Yankees beat up on Braves

Published 12:00 am Monday, October 25, 1999

The Associated Press

Halfway to another World Series title, the defending champion Yankees headed home today with little indication the Atlanta Braves could stop them.

Monday, October 25, 1999


David Cone took his turn at shutting down the Braves while the Yankees tagged Kevin Millwood for a 7-2 victory Sunday night and a 2-0 edge.

The Yankees recorded their 10th straight World Series victory and won for the 16th time in their last 17 postseason games. After sweeping Texas in the first round this month, their lone loss to Boston came against Pedro Martinez.

”You just don’t expect to do that this time of year against great teams,” Cone said.

Now, the Braves’ best hope is a repeat of the 1996 Series, when New York lost the first two games at Yankee Stadium to Atlanta before taking the next four. Of the 45 teams to take a 2-0 edge in the Series, 34 have gone on to win.

”We are aware of what happened in ’96 and when we came back against them,” Yankees manager Joe Torre said. ”I don’t have to say anything to my team in regard to ’96.”

Game 3 will be Tuesday night in New York with Tom Glavine, scratched from his Game 1 start because of the flu, expected to pitch for the Braves against Andy Pettitte. If Glavine can’t go, John Smoltz will start.

”This year in the postseason, I guess we’re picking up where we left off last year,” Yankees outfielder Bernie Williams said.

Cone exactly duplicated the one-hit, seven-inning pitching of Orlando Hernandez in the opener, and Atlanta finished with five hits, three in the ninth inning.

”I just think we have a ‘don’t-give-in’ type of attitude,” Cone said. ”This series is far from over.”

The sellout crowd of 51,226 was still buzzing at the sight of Pete Rose, Ted Williams and Hank Aaron on the field together – along with Yogi Berra in a Yankees hat and Roger Clemens in a blue pinstriped suit – as baseball’s All-Century team was announced in a 30-minute tribute.

Then, the Yankees went to work.

Chuck Knoblauch, Derek Jeter and Paul O’Neill started the game with singles, and Tino Martinez and Scott Brosius delivered RBI singles with two outs. Four of those hits came with two strikes – opponents batted only .109 against Millwood when he got two strikes against them this season.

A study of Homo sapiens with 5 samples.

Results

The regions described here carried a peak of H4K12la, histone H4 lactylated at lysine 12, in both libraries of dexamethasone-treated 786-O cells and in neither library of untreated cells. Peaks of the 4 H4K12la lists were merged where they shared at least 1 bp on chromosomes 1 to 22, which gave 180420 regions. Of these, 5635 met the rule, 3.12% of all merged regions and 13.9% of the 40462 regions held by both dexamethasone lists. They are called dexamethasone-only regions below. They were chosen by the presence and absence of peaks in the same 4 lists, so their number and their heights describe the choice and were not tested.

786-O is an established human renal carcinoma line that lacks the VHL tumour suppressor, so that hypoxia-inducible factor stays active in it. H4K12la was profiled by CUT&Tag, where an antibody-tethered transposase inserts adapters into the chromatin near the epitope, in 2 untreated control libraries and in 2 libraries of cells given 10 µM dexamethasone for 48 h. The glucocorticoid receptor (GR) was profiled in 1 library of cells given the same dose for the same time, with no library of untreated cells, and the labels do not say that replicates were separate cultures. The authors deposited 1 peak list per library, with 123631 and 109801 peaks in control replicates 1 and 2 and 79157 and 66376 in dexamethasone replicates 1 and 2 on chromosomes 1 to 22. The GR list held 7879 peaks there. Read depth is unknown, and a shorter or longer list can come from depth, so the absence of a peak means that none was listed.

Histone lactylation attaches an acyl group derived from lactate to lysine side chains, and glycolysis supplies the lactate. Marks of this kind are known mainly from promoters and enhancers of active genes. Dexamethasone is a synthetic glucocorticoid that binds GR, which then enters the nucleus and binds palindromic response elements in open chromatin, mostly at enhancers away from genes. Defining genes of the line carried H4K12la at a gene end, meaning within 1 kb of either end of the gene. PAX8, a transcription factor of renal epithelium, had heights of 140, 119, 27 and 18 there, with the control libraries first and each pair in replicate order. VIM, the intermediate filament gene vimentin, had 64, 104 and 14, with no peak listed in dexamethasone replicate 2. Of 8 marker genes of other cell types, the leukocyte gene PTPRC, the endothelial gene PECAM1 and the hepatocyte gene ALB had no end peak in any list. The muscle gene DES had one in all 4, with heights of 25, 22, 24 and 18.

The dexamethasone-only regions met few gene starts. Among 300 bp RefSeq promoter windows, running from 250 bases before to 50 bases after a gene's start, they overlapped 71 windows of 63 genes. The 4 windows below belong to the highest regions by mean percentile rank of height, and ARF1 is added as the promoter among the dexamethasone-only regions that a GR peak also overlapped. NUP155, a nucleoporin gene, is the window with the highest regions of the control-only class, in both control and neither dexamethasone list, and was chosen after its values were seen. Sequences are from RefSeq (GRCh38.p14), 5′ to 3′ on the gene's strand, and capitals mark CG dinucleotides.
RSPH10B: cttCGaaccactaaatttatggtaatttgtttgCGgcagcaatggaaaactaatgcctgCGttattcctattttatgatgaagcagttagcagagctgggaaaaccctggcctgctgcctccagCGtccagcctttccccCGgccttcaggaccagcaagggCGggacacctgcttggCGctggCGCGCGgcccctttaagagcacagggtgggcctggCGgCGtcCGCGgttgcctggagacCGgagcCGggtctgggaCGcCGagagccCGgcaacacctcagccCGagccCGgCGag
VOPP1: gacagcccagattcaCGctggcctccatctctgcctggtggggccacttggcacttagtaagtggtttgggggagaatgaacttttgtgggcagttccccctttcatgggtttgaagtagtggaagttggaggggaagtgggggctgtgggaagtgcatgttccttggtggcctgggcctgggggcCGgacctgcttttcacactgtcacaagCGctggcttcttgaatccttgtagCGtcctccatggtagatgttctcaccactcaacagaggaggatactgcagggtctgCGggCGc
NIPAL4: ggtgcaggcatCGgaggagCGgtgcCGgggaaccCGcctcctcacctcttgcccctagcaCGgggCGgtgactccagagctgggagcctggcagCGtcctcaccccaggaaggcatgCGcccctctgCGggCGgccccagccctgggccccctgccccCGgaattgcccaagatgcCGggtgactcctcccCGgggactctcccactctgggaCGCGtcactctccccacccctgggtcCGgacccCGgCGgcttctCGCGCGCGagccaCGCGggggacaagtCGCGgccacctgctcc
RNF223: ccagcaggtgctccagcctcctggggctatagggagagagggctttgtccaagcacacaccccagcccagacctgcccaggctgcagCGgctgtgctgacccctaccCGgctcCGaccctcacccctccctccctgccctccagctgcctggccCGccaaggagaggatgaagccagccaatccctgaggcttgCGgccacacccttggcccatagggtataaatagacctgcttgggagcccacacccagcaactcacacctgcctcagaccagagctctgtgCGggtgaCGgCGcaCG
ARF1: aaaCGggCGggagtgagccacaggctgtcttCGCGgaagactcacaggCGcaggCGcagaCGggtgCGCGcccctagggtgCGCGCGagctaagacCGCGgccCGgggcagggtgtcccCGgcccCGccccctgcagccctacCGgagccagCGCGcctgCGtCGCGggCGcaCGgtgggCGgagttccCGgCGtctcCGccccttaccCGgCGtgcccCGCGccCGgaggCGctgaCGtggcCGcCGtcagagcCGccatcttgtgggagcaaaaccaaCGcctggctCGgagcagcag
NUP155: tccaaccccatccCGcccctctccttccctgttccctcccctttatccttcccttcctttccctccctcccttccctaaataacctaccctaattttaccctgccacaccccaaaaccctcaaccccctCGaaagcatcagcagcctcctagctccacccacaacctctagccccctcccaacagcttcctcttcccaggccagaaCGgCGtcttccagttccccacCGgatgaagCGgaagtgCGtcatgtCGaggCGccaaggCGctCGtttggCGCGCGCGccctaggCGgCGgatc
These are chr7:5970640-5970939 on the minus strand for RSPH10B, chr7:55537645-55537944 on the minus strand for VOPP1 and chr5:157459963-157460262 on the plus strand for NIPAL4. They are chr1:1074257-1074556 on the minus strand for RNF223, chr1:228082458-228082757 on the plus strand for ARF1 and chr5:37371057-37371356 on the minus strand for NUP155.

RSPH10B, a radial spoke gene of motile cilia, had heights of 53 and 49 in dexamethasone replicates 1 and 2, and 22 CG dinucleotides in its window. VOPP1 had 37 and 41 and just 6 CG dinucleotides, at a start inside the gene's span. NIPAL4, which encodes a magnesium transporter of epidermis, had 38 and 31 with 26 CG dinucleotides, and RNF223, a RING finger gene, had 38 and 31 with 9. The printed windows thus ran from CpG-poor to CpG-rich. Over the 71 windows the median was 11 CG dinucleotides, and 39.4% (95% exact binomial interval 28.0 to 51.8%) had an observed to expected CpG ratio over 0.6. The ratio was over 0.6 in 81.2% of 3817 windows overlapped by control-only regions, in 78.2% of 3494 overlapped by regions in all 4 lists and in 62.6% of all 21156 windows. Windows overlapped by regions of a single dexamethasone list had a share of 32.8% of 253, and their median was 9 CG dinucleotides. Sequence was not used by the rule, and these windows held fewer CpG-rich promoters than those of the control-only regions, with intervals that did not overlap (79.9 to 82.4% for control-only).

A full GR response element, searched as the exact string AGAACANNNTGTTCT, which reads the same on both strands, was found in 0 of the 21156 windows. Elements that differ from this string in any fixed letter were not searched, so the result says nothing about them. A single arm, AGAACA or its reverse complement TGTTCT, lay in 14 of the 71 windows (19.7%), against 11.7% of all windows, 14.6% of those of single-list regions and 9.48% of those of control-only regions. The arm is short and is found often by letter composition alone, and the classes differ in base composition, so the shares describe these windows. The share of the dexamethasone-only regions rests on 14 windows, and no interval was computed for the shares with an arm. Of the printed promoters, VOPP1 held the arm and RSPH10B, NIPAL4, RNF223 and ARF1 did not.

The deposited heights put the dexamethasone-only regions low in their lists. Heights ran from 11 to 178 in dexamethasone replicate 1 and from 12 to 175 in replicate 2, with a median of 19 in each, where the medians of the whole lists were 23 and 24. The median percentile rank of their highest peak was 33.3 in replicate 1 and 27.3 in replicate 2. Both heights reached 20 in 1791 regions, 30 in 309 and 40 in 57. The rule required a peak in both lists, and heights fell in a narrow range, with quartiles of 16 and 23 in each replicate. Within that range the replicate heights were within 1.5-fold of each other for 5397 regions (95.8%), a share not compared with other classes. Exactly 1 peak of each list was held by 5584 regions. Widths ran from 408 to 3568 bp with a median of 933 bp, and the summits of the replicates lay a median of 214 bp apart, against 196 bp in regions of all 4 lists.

Ricky Ledee’s double chased Millwood in the third, and it was 7-0 by the fifth.

”We played a real bad game,” Atlanta manager Bobby Cox said.

Cox got no benefit from a major lineup switch in which he benched NL Championship Series MVP Eddie Perez, Bret Boone and Walt Weiss.

Backups Greg Myers, Keith Lockhart and Ozzie Guillen did not help Atlanta win. Myers singled in the fifth for the Braves’ first hit and drove in the first run with a single off reliever Ramiro Mendoza in the ninth. Boone followed with a pinch-hit double off Jeff Nelson.

”It’s frustrating,” Cox said. ”We kept waiting to get something going.”

Guillen and Lockhart had a lot of trouble up the middle, dropping balls and throwing them away in an all-around sloppy defensive effort by the Braves.

Booed for missing Cone’s soft liner, Guillen gave the Turner Field crowd a disdainful look after it gave him a mock cheer for catching a later popup.

Williams had three of the Yankees’ 14 hits as they won their seventh straight Series road game and improved to 7-0 overall at Atlanta. By the end, chants of ”Let’s go, Yankees” began to get louder as New York moved toward its third title in four years.

The Braves have lost six straight in the Series, all to New York. Cox managed his 100th postseason game, falling to 55-45 with Atlanta and Toronto.

Atlanta’s best chance came in the bottom of the first. Already down 3-0, the Braves put a runner on third with two outs and Brian Jordan lifted a long fly to left field.

”C’mon ball, get out of here,” Braves third-base coach Ned Yost exclaimed. Then, seeing the shot settled into Ledee’s glove against the wall, he sighed, ”Dang it.”

Cone, who last started 10 days ago, made a throwing error on Guillen’s drag bunt in the first but breezed after that escape. He walked five and struck out four in raising his career postseason record to 8-3.

For Atlanta fans, the top highlights probably came before the first pitch when the sport’s All-Century team was announced.

Rose made his first appearance on a major league field since being banished from baseball in 1989 and got the biggest ovation of the evening. Aaron, Willie Mays and Ken Griffey Jr. helped the 81-year-old Williams onto the podium in the middle of the diamond for the half-hour presentation.

After that, nothing went right for the Braves. Millwood, 2-0 with a save in this postseason, failed to get an out in the third in his shortest start of the year.

”I kept throwing it down the middle,” Millwood said.

Williams and Martinez singled and Ledee doubled in the third to make it 4-0. Guillen then was handcuffed by Cone’s sliced liner and dropped it with two outs, allowing another run to score and prompting Cox to put both hands to his head.